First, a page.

WASHINGTON, D.C. — Today, U.S. Senator Tim Kaine, a member of the Senate Armed Services Committee (SASC) and Senate Foreign Relations Committee (SFRC), released the following statement applauding the Department of Defense (DOD)’s recommendation for Fort Lee in Virginia to temporarily host the first group of Afghan Special Immigrant Visa (SIV) program applicants. This initial group of up to 3,500 Afghan nationals who have completed the SIV security vetting process will now be able to safely complete the final steps of the SIV process, such as a medical screening and final administrative requirements, at Fort Lee starting next week. The DOD does not anticipate any impact to readiness at Fort Lee. 

“I’m pleased that the State Department will be bringing an initial group of Afghan SIV applicants to the United States, and that DOD has recommended Fort Lee to house this first group,” said Senator Kaine. “Thanks to the Afghan SIV program, which I have long supported, Afghans who risked their lives supporting the U.S. can now escape the dangers they face due to their service to our nation. As a member of the Senate Armed Services and Foreign Relations Committees, I will continue working to protect the Afghans who put themselves in harm’s way to advance our military and foreign policy objectives, promote development, and support servicemembers from across Virginia and our nation.”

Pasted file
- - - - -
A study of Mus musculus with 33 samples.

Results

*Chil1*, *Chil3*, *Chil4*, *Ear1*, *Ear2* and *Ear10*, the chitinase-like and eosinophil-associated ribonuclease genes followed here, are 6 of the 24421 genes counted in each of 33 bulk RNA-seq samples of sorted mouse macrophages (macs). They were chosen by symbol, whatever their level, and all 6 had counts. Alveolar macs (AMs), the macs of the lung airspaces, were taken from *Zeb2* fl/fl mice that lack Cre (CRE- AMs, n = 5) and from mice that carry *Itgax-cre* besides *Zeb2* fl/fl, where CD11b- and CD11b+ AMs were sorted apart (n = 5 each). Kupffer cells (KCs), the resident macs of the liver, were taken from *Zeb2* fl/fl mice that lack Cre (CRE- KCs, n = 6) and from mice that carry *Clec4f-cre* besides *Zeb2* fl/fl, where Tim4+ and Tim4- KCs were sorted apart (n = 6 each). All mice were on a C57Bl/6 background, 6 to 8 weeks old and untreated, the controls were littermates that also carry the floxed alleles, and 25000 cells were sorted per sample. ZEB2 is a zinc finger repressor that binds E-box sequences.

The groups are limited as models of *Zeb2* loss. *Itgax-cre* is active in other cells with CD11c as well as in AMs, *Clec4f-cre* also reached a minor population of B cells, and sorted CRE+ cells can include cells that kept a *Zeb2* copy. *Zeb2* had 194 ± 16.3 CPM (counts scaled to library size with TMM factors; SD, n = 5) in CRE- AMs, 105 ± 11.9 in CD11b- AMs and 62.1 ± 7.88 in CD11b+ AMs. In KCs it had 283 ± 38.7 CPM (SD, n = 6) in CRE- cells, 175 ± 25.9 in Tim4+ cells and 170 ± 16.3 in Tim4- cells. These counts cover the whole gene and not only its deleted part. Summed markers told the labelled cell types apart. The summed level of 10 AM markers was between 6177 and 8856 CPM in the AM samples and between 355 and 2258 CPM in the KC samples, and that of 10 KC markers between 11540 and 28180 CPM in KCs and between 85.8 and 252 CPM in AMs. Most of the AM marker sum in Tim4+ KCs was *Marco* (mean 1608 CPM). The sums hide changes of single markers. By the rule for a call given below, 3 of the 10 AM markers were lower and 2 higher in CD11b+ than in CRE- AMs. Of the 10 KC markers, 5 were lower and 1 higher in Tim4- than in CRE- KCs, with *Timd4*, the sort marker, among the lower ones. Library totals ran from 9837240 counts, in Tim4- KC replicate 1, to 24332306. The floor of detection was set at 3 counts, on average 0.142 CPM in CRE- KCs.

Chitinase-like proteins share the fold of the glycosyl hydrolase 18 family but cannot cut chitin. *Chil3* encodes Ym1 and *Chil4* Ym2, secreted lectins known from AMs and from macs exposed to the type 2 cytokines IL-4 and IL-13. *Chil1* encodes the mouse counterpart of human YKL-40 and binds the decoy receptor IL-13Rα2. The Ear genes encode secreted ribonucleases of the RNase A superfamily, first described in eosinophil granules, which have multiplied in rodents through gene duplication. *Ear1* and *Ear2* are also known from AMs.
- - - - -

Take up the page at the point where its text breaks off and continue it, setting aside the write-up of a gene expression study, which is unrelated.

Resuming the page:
Kaine is a cosponsor of the bipartisan Afghan Allies Protection Act, which would help protect the Afghan civilians who risked their lives to support the U.S. mission. The legislation would provide immediate improvements and strengthen efficiency of the Afghan Special Immigrant Visa (SIV) program by:  

  • Increasing the number of authorized visas;  
  • Changing the employment requirement for eligibility from two years to one year;  
  • Postponing the required medical exam until the applicant and their family have arrived in the United States;   
  • Removing the requirement for a credible sworn statement regarding the threat an applicant faces;   
  • Removing the “sensitive and trusted” requirement for International Security Assistance Force and Resolute Support employment; and  
  • Providing for Special Immigrant status for certain surviving spouses and children of murdered applicants.   

Full text of the legislation is available here.